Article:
Childhood educators agree that elements of risk in places like playgrounds should be a part of childhood development.

Childhood educators agree that elements of risk in places like playgrounds should be a part of childhood development.

Re-introducing risk into childhood play

Pendulum starts to swing away from ‘bubble wrapping’ children

A trend towards the so-called bubble-wrapping of children, or helicopter parenting, is giving way to the notion of the importance and benefits of introducing risk in childhood play.

Ulrich Mueller, a psychology professor at the University of Victoria, estimates the overprotection of children started in the 1980s and ’90s, when parents began to invest more in their children, but also became more afraid of harm.

Over the past 10 years, Mueller believes those attitudes have started to shift. Experts are starting to view playgrounds, which encourage imaginative play and appropriate risk taking, as a helpful aid to developing motor skills and confidence.

“This is how children learn what they cannot do and can do, therefore they learn about their own competence,” Mueller said.

Mueller and Enid Elliot, an early learning and care instructor at Camosun College, are currently studying a nature kindergarten program based out of Sangster elementary in Colwood to see the effects of natural play.

As the study is ongoing there are no results yet, but the researchers are looking at motor development, fitness levels, attention spans and emotional development in the cohorts of tots.

Elliot said the early results are positive towards incorporating risk into play.

“I’m convinced that children need to have some ways of practicing how to take risks and how to be safe,” Elliot said. “People have much more catastrophic injuries if they don’t learn from an early age to start to learn to manage their own risk.”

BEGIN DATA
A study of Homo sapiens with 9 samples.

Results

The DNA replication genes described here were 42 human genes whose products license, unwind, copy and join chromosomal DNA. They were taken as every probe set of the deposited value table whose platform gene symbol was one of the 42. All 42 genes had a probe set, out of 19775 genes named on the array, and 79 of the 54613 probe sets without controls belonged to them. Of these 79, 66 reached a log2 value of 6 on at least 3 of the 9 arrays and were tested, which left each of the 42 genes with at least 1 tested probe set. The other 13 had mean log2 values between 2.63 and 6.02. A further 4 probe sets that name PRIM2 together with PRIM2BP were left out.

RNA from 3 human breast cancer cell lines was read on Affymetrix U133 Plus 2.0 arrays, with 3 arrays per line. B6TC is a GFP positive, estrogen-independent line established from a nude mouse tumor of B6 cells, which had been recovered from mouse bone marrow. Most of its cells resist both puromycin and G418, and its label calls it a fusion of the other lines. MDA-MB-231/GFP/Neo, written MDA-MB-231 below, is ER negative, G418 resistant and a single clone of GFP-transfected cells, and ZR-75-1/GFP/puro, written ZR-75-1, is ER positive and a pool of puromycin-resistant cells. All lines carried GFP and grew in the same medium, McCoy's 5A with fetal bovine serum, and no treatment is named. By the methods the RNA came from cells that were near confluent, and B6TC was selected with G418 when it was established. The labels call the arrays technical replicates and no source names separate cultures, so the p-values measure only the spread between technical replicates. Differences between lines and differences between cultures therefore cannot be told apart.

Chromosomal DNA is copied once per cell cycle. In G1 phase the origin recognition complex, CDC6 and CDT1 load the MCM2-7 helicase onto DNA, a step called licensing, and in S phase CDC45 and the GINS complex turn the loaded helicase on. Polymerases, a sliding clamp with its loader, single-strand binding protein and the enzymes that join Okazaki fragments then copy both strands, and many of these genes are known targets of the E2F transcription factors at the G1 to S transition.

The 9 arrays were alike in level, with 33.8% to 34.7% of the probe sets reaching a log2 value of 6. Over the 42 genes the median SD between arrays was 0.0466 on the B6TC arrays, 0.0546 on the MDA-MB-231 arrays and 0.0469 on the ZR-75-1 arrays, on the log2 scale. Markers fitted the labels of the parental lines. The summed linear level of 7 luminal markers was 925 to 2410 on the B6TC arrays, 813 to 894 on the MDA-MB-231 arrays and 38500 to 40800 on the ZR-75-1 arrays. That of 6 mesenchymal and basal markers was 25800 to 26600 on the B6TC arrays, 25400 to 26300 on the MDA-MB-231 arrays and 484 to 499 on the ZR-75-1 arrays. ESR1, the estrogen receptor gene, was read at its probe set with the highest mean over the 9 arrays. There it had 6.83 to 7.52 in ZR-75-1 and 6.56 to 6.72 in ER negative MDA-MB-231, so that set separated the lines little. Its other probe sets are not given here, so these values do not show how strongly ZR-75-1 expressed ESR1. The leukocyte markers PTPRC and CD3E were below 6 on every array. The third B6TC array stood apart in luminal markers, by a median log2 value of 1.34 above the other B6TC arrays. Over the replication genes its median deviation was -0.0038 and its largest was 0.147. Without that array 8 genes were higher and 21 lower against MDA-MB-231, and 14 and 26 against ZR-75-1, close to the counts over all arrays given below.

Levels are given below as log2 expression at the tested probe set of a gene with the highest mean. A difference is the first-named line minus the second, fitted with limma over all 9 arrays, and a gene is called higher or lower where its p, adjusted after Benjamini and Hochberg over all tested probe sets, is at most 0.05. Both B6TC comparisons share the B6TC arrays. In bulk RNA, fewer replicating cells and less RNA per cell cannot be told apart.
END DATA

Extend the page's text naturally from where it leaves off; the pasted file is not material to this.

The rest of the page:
“You learn to fall down with your knees and your hands to protect yourself, that’s a learned skill,” said Michelle Tannock, a visiting professor with UVic’s centre for research in early childhood. “That gives them a sense of the boundaries of what they can do and what they can’t do, versus expecting that others will protect them.”

Tannock agrees more talk is circulating about the role of risk in childhood development and she would like to see this idea influence educational programs and play areas and structures.

Victoria playground equipment dealer Merv Walker said the call for alternative playgrounds is growing, but he heeds caution. He believes the push for risk creates a grey area for complying with safety regulations for playgrounds established by the Canadian Standards Association (CSA).

He worries the rules are being ignored. He even noticed a potential infraction in the photo of a nature-based playground at Pearce Crescent in the Saanich News, with uneven logs next to a pathway.

“If a child falls off an icy log for instance, the end of a log, and hits the pathway, it’s not covered by CSA,” Walker said. “CSA is what we have. I may or may not agree with it. In some cases I think it goes too far, but that’s my personal feeling. Everything we do has to conform to CSA. It’s that simple.”

Saanich’s parks planning and design manager, Gary Durrah, said the decision for the Pearce Crescent playground was based more on space and cost than anything else. Safety can be a concern, Durrah said, but it is certainly addressed.

“We do our best to minimize the chance of injury. So we still have to put in proper safety surfacing,” Durrah said. “It’s a very difficult thing to regulate.”

What needs to kept in mind moving forward is the difference between risk and hazard.

Playgrounds actually have low fatality and injury rates, Mueller said, especially compared to other common occurrences such as riding in cars. The distinction is key.

“It doesn’t mean playgrounds should have some nails sticking out,” he said.